TOKYO -- If you didn't read

TSC

last week, you may have missed out on Wednesday's market debut of

Crayfish

(CRFH)

, the Japanese email and Web-hosting company that jumped 414.2% on its first day of

Nasdaq

trading.

(The company's shares were to have made their debut on the

Tokyo Stock Exchange's Mothers

board Friday, but an overabundance of sellers trying to cash in on U.S. investors' enthusiasm created an imbalance that halted trading.)

Finding even basic information on Japanese companies is a tiresome process unless a

Reuters

or

Bloomberg

terminal sits on your desk. U.S. newspapers, more concerned with the moiling of the Nasdaq and

New York Stock Exchange

, barely look at stocks overseas.

And that's a pity: While the

Dow

is up just 2.9% over the last 12 months, the benchmark

Nikkei

index is up 33%. Just think what that has done for the average Japan-region mutual fund, up 85%, according to

Lipper

.

More importantly to U.S. investors, many companies that trade in Tokyo, like

Sony

(SNE) - Get Report

and

Bank of Tokyo-Mitsubishi

(MBK)

, also trade on U.S. exchanges. And if you want to buy shares in Japanese stocks that don't trade in the U.S., most brokers will help you.

It's important to keep an eye on the Japanese market. So if you want to figure out trading rules (like the cumbersome limit rule), listing requirements and upcoming initial public offerings, where do you turn? What is the difference between the TSE's first and second sections? What does it mean when a Japanese stock goes limit-up?

We'll try to answer those questions and a few others with this primer on trading across the Pacific puddle.

TSE Basic Structure

The TSE, Japan's biggest and most powerful stock exchange, is divided into two main boards, which list a combined 2,000 companies. The first section is where the biggest Japanese companies, the household brand names known around the world, are listed.

Listing requirements for the first section are stringent. To be eligible, firms need to have a float of more than 20 million shares in order to ensure liquidity; it must also post profits of at least 400 million yen ($3.76 million) the year prior to listing, and at least 100 million yen ($941,400) the year before that. Any company that can't cut the mustard will be bumped down to the second section, where some of Japan's large, but lesser known companies, trade.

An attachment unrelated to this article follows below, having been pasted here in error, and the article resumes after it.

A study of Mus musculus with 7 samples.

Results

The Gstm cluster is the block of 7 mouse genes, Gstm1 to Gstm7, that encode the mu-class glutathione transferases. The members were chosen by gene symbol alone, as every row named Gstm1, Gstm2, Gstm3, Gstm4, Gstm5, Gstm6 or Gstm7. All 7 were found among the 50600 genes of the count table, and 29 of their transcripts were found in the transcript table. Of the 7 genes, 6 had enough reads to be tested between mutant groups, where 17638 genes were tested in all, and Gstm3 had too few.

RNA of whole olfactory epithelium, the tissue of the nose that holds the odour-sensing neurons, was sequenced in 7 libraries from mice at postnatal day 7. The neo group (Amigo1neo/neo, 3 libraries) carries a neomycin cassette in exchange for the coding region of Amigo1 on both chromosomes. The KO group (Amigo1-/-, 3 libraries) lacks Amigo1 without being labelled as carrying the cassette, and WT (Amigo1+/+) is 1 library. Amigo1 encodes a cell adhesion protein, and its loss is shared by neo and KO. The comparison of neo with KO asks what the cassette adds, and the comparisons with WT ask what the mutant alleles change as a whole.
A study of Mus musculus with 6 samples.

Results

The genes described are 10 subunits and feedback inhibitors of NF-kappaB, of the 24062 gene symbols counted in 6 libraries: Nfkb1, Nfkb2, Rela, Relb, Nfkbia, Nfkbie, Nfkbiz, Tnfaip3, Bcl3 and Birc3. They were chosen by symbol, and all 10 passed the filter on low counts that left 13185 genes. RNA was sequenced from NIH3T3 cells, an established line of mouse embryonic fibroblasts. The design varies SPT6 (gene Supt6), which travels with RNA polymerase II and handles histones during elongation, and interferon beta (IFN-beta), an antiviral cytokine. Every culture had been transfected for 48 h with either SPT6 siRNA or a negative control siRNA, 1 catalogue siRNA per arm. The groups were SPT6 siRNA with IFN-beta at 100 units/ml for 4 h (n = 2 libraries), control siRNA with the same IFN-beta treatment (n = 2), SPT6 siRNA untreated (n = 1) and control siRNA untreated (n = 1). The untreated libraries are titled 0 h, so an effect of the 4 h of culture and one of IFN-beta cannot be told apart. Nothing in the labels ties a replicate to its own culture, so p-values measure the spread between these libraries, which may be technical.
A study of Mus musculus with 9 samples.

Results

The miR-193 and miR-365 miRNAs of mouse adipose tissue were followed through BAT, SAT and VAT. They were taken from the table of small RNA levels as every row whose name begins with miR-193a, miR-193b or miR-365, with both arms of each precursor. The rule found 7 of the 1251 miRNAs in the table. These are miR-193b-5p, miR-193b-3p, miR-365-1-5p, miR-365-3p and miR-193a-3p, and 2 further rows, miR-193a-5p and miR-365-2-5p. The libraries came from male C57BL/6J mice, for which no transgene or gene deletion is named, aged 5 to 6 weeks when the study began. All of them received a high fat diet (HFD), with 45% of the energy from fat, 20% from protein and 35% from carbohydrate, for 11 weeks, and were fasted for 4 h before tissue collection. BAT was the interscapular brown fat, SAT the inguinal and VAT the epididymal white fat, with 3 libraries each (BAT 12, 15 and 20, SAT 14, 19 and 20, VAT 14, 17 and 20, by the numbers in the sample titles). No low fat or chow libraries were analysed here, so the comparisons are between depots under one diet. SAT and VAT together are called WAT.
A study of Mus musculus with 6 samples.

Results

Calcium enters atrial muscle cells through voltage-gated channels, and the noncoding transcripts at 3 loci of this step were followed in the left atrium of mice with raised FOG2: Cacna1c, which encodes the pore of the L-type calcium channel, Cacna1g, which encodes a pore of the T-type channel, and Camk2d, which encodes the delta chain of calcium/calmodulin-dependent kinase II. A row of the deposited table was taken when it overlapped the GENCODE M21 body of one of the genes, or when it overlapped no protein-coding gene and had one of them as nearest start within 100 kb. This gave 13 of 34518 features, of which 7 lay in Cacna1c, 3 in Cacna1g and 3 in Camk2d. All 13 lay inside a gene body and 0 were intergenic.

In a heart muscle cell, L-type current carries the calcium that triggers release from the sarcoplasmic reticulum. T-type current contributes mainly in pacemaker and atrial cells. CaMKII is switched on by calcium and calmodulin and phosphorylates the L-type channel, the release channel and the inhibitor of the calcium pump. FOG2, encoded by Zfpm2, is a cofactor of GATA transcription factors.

Fund managers looking for high-risk, high-return investments go shopping in the

over-the-counter market

, run by the

Japan Securities Dealers Association

. More than 800 companies trade on the OTC, but the market faces stiff competition from two new high-growth and technology-oriented bourses. Last year, the TSE set up its high-growth Mothers board, where four firms (including Crayfish) currently trade. Later this year,

Nasdaq Japan

will kick into action, and both bourses are hoping to see at least 100 firms list over the course of the year.

Indices

The key index investors have historically looked at is the

Nikkei 225

. It's maintained by Japan's premier financial daily, the

Nihon Keizai Shimbun

. The

Topix

index, which is composed of all stocks listed on the TSE's first section, has grown increasingly popular over the past decade, particularly as Japan's economy diversified. The index includes some blue-chips, as well as large tech shares, so many investors feel the Topix represents the Tokyo market much better than the Nikkei 225.

The

Jasdaq

small-cap index highlights the companies that trade in the OTC market. The Nikkei newspaper also runs its own index for OTC shares called the

Nikkei OTC

index.

There are countless other indices compiled by private companies such as

Morgan Stanley Capital International

,

Nomura Securities

and

Standard & Poor's

.

Here are some Web sites that offer exchange information and the makeup of indices (all are English sites, unless otherwise noted):

Market and Corporate Information

Though Japan is the world's second-largest economy, financial information, particularly in English, is hard to come by. While the Internet has the potential to change that, Japanese companies haven't had the incentive to publish English-language materials to satiate foreign appetites.

The cream of the crop for information sources is the fee-based

Nikkei Net

, an English-language Web site run by the

Nihon Keizai Shimbun

. The database is perhaps the best available, and it provides the latest corporate and market news, as well as Japanese stock quotes on a 20-minute delay.

For information on IPOs, check out

Tokyo IPO

, a new Web site that has a schedule of upcoming offerings, financial information on new issues and some witty commentary that sums everything up in a few paragraphs.

Getting stock quotes in English is more difficult. Unless you know the four-digit stock code, trying to find a company's share price is a cumbersome task. One way to do it is to look up the stock code on the TSE page, then plug it into one of the databases. The best is

Yahoo! Japan's

finance section, but again, it's only in Japanese.

While these Web sites don't stack up favorably against the wealth of information available about U.S. stocks, they'll at least give you a start in figuring out which firm will be the next Crayfish.